Democrats keep just one mention of ‘pension’ in convention platform, downplaying Delphi controversy

Matthew Boyle Investigative Reporter

That’s a stark difference from the 16 mentions of the word “pension” the party’s 2008 platform had.

The 2012 platform also removes the party’s previous promises to protect American workers’ pensions.

“Their [unions’] work resulted in the 40-hour workweek and weekends, paid leave and pensions, the minimum wage and health insurance, and Social Security and Medicare — the cornerstones of middle class security,” reads the 2012 DNC platform in its only mention of pensions.

In 2008, Democrats promised far more.

“[W]e will create automatic workplace pensions,” the 2008 DNC platform read. “People can add to their pension, or can opt out at any time; the savings account will be easily transferred between jobs; and people can control it themselves if they become self-employed. We will ensure savings incentives are fair to all workers by matching half of the initial $1000 of savings for families that need help; and employers will have an easy opportunity to match employee savings.”

“We believe this program will increase the saving participation rate for low- and middle-income workers from its current 15 percent to 80 percent,” the Democrats projected. “We support good pensions, and will adopt measures to preserve and protect existing public and private pension plans. We will require that employees who have company pensions receive annual disclosures about their pension fund’s investments. This will put a secure retirement within reach for millions of working families.”

The party also pledged to protect those pensions, saying in 2008, “We will adopt measures to preserve and protect existing public and private pension plans. In the 21st century, Americans also need better ways to save for retirement. We will automatically enroll every worker in a workplace pension plan that can be carried from job to job and we will match savings for working families who need the help. We will make sure that CEOs can’t dump workers’ pensions with one hand while they line their own pockets with the other. At platform hearings, Americans made it clear they feel that’s an outrage, and it’s time we had leaders who treat it as an outrage.”

“We will ensure all employees who have company pensions receive annual disclosures about their pension fund’s investments,” that platform read four years ago, “including full details about which projects have been invested in, the performance of those investments and appropriate details about probable future investments strategies.”

It’s unclear why the Democratic Party has removed all those pension-related pledges. Democratic National Committee spokesman Brad Woodhouse did not respond to a request for comment from The Daily Caller. But President Barack Obama broke a 2008 campaign trail promise to pensioners. (RELATED: Obama in 2008: Failure to protect pensions ‘not the America I believe in’)

“Right now, bankruptcy laws are more focused on protecting banks than protecting pensions,” Obama said back then. “And, I don’t think that’s fair. It’s not the America I believe in. It’s time to stop cutting back the safety net for working people while we protect golden parachutes for the well-off. If you’ve worked hard and played by the rules, then you’ve earned your pension. If a company goes bankrupt, then workers need to be our top priority, not an afterthought.”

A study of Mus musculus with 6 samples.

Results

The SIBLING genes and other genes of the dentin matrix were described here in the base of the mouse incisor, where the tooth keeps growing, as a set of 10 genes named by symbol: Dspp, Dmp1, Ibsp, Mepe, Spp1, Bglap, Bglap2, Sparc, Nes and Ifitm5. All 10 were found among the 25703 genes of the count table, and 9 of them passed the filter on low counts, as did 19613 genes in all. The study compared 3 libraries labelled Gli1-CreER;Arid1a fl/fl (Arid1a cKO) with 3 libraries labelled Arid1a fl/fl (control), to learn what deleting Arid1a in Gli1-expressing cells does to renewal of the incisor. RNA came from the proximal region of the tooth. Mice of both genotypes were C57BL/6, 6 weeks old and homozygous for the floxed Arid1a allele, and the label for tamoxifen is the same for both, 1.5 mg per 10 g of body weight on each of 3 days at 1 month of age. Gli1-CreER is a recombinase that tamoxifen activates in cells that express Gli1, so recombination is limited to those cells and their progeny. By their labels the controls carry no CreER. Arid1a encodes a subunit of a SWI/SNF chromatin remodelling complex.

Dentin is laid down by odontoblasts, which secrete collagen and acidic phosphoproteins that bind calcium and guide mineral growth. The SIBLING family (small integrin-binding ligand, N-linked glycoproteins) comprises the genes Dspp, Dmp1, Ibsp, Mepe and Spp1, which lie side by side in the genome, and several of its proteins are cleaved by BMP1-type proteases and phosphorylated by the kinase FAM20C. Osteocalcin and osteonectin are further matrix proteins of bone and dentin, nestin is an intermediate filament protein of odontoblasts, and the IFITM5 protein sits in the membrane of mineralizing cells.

But Obama appeared to renege on that promise when 20,000 non-union salaried retirees at Delphi Corporation found their pension plans terminated during his administration’s 2009 auto industry bailout.

On Aug. 7, TheDC published internal PBGC emails showing senior White House and Treasury officials were behind the pension terminations. Those emails demonstrate that Geithner and his Treasury Department were the driving force, and contradict sworn testimony in which several Obama administration figures have said that the decision to terminate the pensions came from the PBGC. (RELATED: Geithner, Treasury drove cutoff of non-union Delphi workers’ pensions)

The PBGC is a federal government agency that handles private-sector pension benefits issues. Its charter calls for independent representation of pension beneficiaries’ interests.

Federal law requires that PBGC is the only government entity that may initiate termination of a pension or move toward doing so.

On Wednesday, TheDC published more emails indicating that those same senior Obama officials’ actions enriched their former firms and possibly themselves in the Delphi deal. (RELATED: Emails: Obama officials enriched former firms, possibly themselves with auto bailout)

The omission of pension guarantees is not the only platform embarrassment Democrats have suffered this week. Conservative Republicans mocked the Democratic Party when its platform was released Monday night because it omitted all mentions of “God” and failed to recognize Jerusalem as the legitimate capital of Israel.

NBC News was first to report Wednesday afternoon that the Democratic National Convention will re-insert its 2008 platform language on Jerusalem, which read: “Jerusalem is and will remain the capital of Israel. The parties have agreed that Jerusalem is a matter for final status negotiations. It should remain an undivided city accessible to people of all faiths.”